Most people would acknowledge that the word ‘love’ is probably the greatest New Testament word and the word which more than any other sums up the heart of the Christian Gospel both in terms of God’s initiative towards us and our responsibility towards others. However, the single English word does not, by itself, convey the full range of what the New Testament means. C S Lewis spoke of “Four Loves.” Following on from last month’s Valentine’s article I want to look at these a little more fully…
1. Affection (Greek: Storge)
This is a great New Testament word. It is the word which refers to family love, the kind of love a parent has for a child, and a child for a parent. Plato said, “A child loves (stergein) and is loved by those who brought him into the world.” C S Lewis felt that storge love or affection accounts for nine-tenths of whatever solid and durable happiness we find in our natural lives. Storge describes the relationship of warm comfortableness and satisfaction experienced in the togetherness of those who are fond of each other.
2. Friendship (Greek Philia)
This is the warmest Greek word for love. It describes the love people have for their closest, nearest and truest friends. It refers to the luminous, open and gentle world of relationships freely chosen. Philia is that kind of love born out of companionship between those who share a particular interest together. Philia binds those who not only share outward things together, but inward things. They care about the same truths. They share similar values. While lovers may stand face to face, true friends stand side by side looking outwards together. Nor is this kind of friendship jealous and exclusive. It will not resent the addition of others to its circle. In the company of those towards whom we feel philia, we are relaxed, at ease and ourselves. We can, as it were, ‘let our hair down.’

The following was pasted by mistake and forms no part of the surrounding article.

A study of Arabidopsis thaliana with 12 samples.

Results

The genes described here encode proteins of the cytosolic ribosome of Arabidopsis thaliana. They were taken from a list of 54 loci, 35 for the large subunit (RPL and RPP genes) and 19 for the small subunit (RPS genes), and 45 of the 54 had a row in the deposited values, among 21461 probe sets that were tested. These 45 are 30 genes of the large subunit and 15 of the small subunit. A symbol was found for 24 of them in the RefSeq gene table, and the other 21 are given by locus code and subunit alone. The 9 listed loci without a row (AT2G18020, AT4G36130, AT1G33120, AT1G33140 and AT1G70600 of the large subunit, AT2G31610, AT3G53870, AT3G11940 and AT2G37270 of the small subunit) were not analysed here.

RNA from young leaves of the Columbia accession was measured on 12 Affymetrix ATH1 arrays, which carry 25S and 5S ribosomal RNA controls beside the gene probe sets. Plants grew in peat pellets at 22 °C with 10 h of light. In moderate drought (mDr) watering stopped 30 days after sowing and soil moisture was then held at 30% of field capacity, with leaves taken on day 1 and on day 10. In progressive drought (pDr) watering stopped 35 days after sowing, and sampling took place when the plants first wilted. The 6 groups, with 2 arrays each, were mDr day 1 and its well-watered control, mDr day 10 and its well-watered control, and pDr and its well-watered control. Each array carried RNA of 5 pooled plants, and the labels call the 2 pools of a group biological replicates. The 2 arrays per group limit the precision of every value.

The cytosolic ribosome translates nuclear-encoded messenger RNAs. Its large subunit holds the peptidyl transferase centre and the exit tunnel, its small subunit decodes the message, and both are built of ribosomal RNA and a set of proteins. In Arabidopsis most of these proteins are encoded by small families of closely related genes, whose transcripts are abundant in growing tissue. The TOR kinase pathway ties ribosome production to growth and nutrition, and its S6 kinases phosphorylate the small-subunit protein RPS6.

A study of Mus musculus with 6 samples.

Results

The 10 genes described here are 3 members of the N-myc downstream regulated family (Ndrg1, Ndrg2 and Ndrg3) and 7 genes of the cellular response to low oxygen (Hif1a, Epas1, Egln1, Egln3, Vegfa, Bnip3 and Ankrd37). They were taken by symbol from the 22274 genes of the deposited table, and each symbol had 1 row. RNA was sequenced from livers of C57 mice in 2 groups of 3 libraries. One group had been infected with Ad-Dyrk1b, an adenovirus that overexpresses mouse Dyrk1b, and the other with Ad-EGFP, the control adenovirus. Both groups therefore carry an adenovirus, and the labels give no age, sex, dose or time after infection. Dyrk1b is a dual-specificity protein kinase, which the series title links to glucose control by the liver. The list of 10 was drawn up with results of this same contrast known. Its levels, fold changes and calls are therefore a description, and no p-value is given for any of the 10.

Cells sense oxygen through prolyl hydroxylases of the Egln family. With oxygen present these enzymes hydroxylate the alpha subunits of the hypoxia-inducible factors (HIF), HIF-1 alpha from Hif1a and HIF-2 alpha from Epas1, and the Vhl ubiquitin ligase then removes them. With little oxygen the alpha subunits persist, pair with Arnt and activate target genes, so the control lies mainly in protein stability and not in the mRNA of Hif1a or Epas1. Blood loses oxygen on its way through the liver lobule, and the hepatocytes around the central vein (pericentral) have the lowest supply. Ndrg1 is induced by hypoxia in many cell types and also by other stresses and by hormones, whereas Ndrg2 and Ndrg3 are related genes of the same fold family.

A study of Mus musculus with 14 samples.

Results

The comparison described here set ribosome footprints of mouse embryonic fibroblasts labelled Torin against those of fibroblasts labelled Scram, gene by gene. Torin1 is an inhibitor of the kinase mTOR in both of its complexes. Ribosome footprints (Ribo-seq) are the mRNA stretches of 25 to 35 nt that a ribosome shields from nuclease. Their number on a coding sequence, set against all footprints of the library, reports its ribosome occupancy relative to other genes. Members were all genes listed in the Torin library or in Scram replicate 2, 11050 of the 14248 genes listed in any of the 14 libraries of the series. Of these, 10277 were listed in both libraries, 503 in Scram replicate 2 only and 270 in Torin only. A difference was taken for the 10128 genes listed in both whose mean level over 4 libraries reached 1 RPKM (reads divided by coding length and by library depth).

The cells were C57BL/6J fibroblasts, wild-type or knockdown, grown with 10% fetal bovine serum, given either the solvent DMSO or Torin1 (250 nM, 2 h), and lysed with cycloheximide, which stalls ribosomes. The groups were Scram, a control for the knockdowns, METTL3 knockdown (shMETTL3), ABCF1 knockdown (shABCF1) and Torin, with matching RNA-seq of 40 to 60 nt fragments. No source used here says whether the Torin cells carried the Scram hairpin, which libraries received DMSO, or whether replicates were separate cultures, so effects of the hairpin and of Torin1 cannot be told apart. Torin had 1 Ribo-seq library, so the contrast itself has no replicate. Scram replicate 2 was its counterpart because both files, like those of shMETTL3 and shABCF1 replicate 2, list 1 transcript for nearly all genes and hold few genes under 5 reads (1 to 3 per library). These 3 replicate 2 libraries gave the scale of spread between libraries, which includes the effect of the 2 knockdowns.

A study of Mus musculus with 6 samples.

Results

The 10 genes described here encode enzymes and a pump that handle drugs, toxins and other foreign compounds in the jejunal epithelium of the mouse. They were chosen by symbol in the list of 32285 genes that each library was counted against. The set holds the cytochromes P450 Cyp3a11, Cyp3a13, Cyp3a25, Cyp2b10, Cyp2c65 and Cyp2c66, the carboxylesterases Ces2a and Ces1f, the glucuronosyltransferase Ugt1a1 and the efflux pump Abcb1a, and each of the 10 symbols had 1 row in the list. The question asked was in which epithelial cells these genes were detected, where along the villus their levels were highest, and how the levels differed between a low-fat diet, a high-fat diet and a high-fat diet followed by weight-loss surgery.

3. Romantic Love (Greek: Eros)
Eros describes the love of a man for a maid. Eros describes that kind of romantic love which we feel when we are ‘in love’. But people don’t always feel ‘in love’. This is why those who depend on love simply as a feeling can become quickly disillusioned or disappointed when they find that feeling beginning to wane. Their tendency is to blame the beloved and then search for a new conquest. However, what we have to realise is that it takes humility, charity and God’s grace to continue what Eros has begun. Eros needs help. He needs the assistance of a higher love. In a nut-shell, Eros needs God, and especially God’s Agape Love.
4. Gift-Love (Greek: Agape)
God’s love to us is gift-love. Lacking nothing, God gives everything. Regardless of how attractive or unattractive we are, God loves us. His love is ‘in-spite-of-love’. God’s love is especially evident and commended to us “in that while we were yet sinners Christ died for us” (Romans 5:8). The greatest statement of Agape love comes in I Corinthians 13. In that passage we discover a very crucial and vital truth. Agape love is not so much a feeling as an action. It is not something simply of the heart; it is something of the will. This kind of love is not full of romantic passion, or of profound affection, but of deep resolution. This love is patient and kind; it is not jealous or boastful; it is not arrogant or rude. This kind of love does not insist on its own way; it is not irritable or resentful; it does not rejoice at wrong, but rejoices in the right. This kind of love bears all things, believes all things, hopes all things, endures all things. In a nut-shell, the Agape love of I Corinthians 13 means unconquerable benevolence and invincible goodwill to all. To show Agape towards another person is to resolve that no matter what that person does to us we will never allow bitterness against them to invade our hearts, but we will rather seek to regard them with unconquerable benevolence and goodwill which seeks only their highest good.
Great as the Four Loves all are, the greatest of these is Agape. For this is how Jesus loves.